3 Simple Concepts…That Built a Multi-Million Dollar Business
In the spring of 1977, Bon and I determined to begin our own business…an ad agency in Nashville. But, due to terrible spending habits, I’d wasted all the money I’d earned in the three years since graduating from college in 1974. The only money we had was $4,000 that Bonnie’s family and friends had given us as investors in our new business. (To this day, I suspect some of my “investors” gave me that money so Bonnie wouldn’t starve to death!)
In May 1977, we rented a 600-foot office suite on Music Row, which needed to be remodeled in the worst way. By the time we opened for business a couple of weeks later, we had only $1,900 left.
For all practical purposes, we had no money and no clients. It would be an understatement to say that the first few years were nail-biters. But at least no one was calling the shots except us. At first, it was just the two of us. She worked plenty of 70-hour-weeks, and I worked lots of 90-hour-weeks. It’s tough to start a business. That’s especially true when you start one the way we did.
In truth, I had never taken a course in marketing. I’d never worked at another ad agency—even as an intern. But if other people could do this, I reasoned, so could I. In those early days, I spent lots of time reading books and looking at what other people in the business did. I hung around pros and asked lots of questions. Ultimately, it boiled down to mastering three simple concepts:
- Learn the basics.
I had to get my arms around the fundamentals of advertising. This was going to be a seriously steep learning curve. It meant that I had to master the foundational methodology that all good advertising demands. In later years, I got a chuckle out of it when I was asked to judge an advertising award show, speak as an expert on CNN, or teach college-level advertising courses. If only they knew how self-taught I was.
- Apply salesmanship to the advertising world.
Soon I began to understand that, conceptually speaking, advertising is pretty simple. It’s nothing more than salesmanship to the masses. Since I was already a fair salesman, I decided to apply those techniques broadly on behalf of my clients.
- Know when not to listen to the traditional wisdom of the ad business. Almost immediately, I noticed something smelled fishy about the advertising industry. There was a terribly high mortality rate within the business. Many ad agencies closed their doors within the first year. Even large agencies went down in flames. Something was clearly wrong. Many agencies overpriced and overpromised — and clients didn’t like it. So I decided to rethink things. Why not keep overhead down so we could keep our prices below the competitors? And why not tell the truth? Instead of overpromising, we could simply try to deliver on what could be reasonably expected. And, lastly, why not remember whom we work for? Many agencies seemed to miss the point that the boss is whoever signs the checks. Too often agencies were fixated on winning awards and accolades from their peers — while producing ineffective advertising for their clients. My goal was to live by the old adage: “It ain’t creative if it doesn’t sell!”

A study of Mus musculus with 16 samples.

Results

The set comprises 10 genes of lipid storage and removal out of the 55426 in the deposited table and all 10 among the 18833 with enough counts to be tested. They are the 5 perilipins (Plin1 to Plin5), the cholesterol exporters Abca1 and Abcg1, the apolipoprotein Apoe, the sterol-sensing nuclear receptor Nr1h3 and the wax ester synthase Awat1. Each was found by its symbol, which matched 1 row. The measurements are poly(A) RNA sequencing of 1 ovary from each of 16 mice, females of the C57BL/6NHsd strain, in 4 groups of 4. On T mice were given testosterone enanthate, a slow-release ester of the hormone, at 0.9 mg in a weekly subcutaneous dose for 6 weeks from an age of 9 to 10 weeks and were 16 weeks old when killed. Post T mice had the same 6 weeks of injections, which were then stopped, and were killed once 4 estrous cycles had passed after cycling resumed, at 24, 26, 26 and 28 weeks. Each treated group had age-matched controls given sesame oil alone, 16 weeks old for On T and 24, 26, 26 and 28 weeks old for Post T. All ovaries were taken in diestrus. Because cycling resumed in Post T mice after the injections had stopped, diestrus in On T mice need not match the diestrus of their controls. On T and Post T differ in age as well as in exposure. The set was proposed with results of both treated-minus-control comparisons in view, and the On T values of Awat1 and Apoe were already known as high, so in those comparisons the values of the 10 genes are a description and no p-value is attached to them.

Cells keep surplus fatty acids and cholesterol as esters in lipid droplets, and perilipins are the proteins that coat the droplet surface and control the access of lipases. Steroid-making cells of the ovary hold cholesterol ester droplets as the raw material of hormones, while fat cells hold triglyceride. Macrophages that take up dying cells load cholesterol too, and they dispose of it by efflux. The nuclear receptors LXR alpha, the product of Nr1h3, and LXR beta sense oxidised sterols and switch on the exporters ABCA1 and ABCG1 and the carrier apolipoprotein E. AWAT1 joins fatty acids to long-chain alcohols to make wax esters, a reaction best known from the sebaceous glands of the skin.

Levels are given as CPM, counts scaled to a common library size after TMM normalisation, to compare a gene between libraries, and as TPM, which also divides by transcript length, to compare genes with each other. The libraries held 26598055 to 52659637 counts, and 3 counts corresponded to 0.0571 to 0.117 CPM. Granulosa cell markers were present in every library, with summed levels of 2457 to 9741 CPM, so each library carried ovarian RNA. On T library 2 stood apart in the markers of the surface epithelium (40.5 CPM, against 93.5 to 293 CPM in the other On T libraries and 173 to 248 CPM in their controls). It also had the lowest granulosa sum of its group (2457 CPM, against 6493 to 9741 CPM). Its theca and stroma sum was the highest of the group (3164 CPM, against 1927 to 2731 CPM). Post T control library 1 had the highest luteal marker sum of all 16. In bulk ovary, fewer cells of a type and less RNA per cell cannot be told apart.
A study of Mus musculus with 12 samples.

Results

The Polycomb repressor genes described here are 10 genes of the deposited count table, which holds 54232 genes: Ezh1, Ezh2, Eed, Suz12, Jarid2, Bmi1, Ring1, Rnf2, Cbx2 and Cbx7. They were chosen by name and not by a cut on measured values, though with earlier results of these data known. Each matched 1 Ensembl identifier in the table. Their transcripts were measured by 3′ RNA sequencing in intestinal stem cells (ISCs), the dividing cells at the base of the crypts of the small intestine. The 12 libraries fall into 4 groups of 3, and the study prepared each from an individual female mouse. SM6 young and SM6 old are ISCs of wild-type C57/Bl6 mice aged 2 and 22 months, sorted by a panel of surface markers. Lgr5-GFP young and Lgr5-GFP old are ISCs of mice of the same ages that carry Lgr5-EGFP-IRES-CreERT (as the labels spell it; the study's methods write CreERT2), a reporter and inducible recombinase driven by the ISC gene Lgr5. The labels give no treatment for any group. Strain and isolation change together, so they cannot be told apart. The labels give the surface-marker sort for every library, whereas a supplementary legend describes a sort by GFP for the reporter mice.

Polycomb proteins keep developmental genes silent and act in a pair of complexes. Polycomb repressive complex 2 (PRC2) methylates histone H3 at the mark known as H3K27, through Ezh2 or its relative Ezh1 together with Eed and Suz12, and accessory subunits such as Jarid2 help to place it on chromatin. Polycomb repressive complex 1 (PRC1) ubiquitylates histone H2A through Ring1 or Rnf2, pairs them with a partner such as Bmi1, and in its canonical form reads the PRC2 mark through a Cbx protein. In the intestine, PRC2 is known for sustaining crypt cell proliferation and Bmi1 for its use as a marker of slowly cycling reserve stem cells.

This isn’t to say that we were allergic to awards. Over the years, our firm employed dozens of people and won lots of awards, including a national ADDY Award. We were blessed to work with some of the finest clients anywhere. I hope we helped many of their businesses grow and flourish. Every day was new and adventurous. Over couple of decades, the business grew and grew. We became one of the leading firms in our region. Eventually, we owned our own of office building on the same world-famous Music Row that I had visited as a boy. Thankfully, we never had any major setbacks during our years in business. We never had a layoff. We never had a major cash flow problem. And we were profitable.
My point is all of this is that success doesn’t necessarily come to the smartest and best pedigreed people. Usually it comes to those who have a dream and are willing to work harder than their peers. Dogged determination counts for a lot.